In the course of writing my book Killing (due out in July), I read a lot of the literature from the First World War. Or re-read, I guess, cos you can’t help but encounter much of it (or at least Owen and perhaps Sassoon) in high school.  But looking at it again, I was struck by how the forms used by the Great War writers have been reappropriated to neutralise their content.  Take Owen’s ‘Dulce et decorum est’, the one poem everyone studies. These days, there’s nothing shocking about the description of men dying horribly in a gas attack. Indeed, the Anzac Day columns appearing in this weekend’s newspapers don’t attempt to hide the horrors of war. If anything, they do the opposite, with a plethora descriptions of shell shock and trenchfoot and corpses on barbed wire and the rest of it. Yet, for the most part, they draw entirely the opposite conclusion to Owen. They emphasise the horrors to emphasise Anzac heroism, whereas Owen’s point was that in modern war heroism became impossible. That was ‘the old lie’, after all — the idea that anything great or glorious came from dying on the battlefield.

Anyway, that’s kind of what my book’s about so I don’t want to labour the point here. But reading the papers this morning I couldn’t help but think about Siegfried Sassoon. Sassoon was — for a brief period, at least — the most political of the English war poets, to the point where you wonder if he’d actually be allowed to participate in the commemoration today. Here, for instance, is his famous ‘Declaration‘:

I am making this statement as an act of wilful defiance of military authority, because I believe that the War is being deliberately prolonged by those who have the power to end it. I am a soldier, convinced that I am acting on behalf of soldiers. I believe that this War, on which I entered as a war of defence and liberation, has now become a war of aggression and conquest. I believe that the purpose for which I and my fellow soldiers entered upon this war should have been so clearly stated as to have made it impossible to change them, and that, had this been done, the objects which actuated us would now be attainable by negotiation. I have seen and endured the sufferings of the troops, and I can no longer be a party to prolong these sufferings for ends which I believe to be evil and unjust. I am not protesting against the conduct of the war, but against the political errors and insincerities for which the fighting men are being sacrificed. On behalf of those who are suffering now I make this protest against the deception which is being practised on them; also I believe that I may help to destroy the callous complacency with which the majority of those at home regard the contrivance of agonies which they do not, and which they have not sufficient imagination to realize.

It’s striking how contemporary it all sounds. When Sassoon talks about the purposes of the war, he reminds us not simply about the tangled machinations behind the Great War (is it not somewhat remarkable that, despite the millions of words produced each Anzac Day, almost no-one today can tell you what the conflict was actually about?) but, inevitably, about the lies behind Iraq. Sassoon’s now safely canonical but imagine if a serving officer wrote the lines above about, say, Afghanistan. Would he be taught to schoolchildren? Would he be allowed to march?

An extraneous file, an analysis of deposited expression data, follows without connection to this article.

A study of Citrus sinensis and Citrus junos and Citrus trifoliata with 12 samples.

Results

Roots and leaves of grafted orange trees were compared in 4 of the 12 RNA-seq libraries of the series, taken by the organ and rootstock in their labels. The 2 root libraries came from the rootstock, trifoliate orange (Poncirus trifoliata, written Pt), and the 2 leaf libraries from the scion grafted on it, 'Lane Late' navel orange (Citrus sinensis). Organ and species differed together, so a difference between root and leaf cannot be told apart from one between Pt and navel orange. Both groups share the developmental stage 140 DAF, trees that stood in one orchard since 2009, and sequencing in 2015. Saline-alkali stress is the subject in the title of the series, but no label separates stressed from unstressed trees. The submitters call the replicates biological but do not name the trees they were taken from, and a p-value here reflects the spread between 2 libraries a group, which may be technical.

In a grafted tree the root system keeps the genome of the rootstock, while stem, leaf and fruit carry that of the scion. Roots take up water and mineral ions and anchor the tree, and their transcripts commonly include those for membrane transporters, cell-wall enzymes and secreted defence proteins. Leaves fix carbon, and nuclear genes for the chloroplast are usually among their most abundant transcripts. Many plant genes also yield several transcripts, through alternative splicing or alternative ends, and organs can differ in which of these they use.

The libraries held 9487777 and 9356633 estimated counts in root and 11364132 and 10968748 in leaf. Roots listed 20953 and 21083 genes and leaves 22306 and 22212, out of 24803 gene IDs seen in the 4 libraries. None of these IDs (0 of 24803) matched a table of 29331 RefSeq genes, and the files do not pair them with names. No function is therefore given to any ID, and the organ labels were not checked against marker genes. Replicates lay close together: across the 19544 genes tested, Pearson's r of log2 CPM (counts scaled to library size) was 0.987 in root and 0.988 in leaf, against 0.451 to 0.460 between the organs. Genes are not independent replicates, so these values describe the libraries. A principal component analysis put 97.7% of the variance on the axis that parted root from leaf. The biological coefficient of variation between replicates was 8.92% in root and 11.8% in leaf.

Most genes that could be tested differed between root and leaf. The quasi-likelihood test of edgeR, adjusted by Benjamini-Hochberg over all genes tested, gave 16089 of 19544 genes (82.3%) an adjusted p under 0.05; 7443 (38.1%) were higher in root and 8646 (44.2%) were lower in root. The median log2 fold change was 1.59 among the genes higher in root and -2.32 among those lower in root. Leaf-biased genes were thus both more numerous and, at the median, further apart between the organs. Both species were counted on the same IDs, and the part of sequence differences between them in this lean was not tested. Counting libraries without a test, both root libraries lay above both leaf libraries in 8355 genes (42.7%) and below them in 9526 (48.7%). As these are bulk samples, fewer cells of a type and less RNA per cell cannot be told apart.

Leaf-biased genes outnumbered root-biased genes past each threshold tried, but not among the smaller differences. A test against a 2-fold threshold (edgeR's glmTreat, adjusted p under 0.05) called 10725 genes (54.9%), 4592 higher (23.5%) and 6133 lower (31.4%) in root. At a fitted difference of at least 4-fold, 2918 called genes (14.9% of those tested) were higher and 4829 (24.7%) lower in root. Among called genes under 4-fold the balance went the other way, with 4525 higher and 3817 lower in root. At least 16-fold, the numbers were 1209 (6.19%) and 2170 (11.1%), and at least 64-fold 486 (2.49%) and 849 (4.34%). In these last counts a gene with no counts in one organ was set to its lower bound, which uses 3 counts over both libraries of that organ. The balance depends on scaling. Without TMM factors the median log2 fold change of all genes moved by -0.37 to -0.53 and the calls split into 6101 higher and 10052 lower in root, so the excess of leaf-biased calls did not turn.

Or consider ‘Fight to a finish’, the title of which might be an article in the Australian about Iraq. In this poem, Sassoon describes something very like the contemporary Anzac Day.

The boys came back. Bands played and flags were flying,
And Yellow-Pressmen thronged the sunlit street
To cheer the soldiers who’d refrained from dying,
And hear the music of returning feet.
‘Of all the thrills and ardours War has brought,
This moment is the finest.’ (So they thought.)

And how does the poem end?

I heard the Yellow-Pressmen grunt and squeal;
And with my trusty bombers turned and went
To clear those Junkers out of Parliament.

Again, imagine a contemporary Sassoon, a soldier who denounced the yellow press for glorifying war ceremonies and then talked about physically attacking the warmongers in parliament. Would he be allowed to march? Of course not! In 2009, Sassoon would be lucky to escape anti-terrorism legislation.

Overland is a not-for-profit magazine with a proud history of supporting writers, and publishing ideas and voices often excluded from other places.

If you like this piece, or support Overland’s work in general, please subscribe or donate.

Jeff Sparrow is the former editor of Overland. He is the co-author (with Jill Sparrow) of Radical Melbourne: A Secret History and Radical Melbourne 2: The Enemy Within, the editor (with Antony Loewenstein) of Left Turn: Essays for the New Left and the author of Communism: a love story, Killing: Misadventures in violence, and Money Shot: A Journey into Censorship and Porn.  On Twitter, he's @Jeff_Sparrow.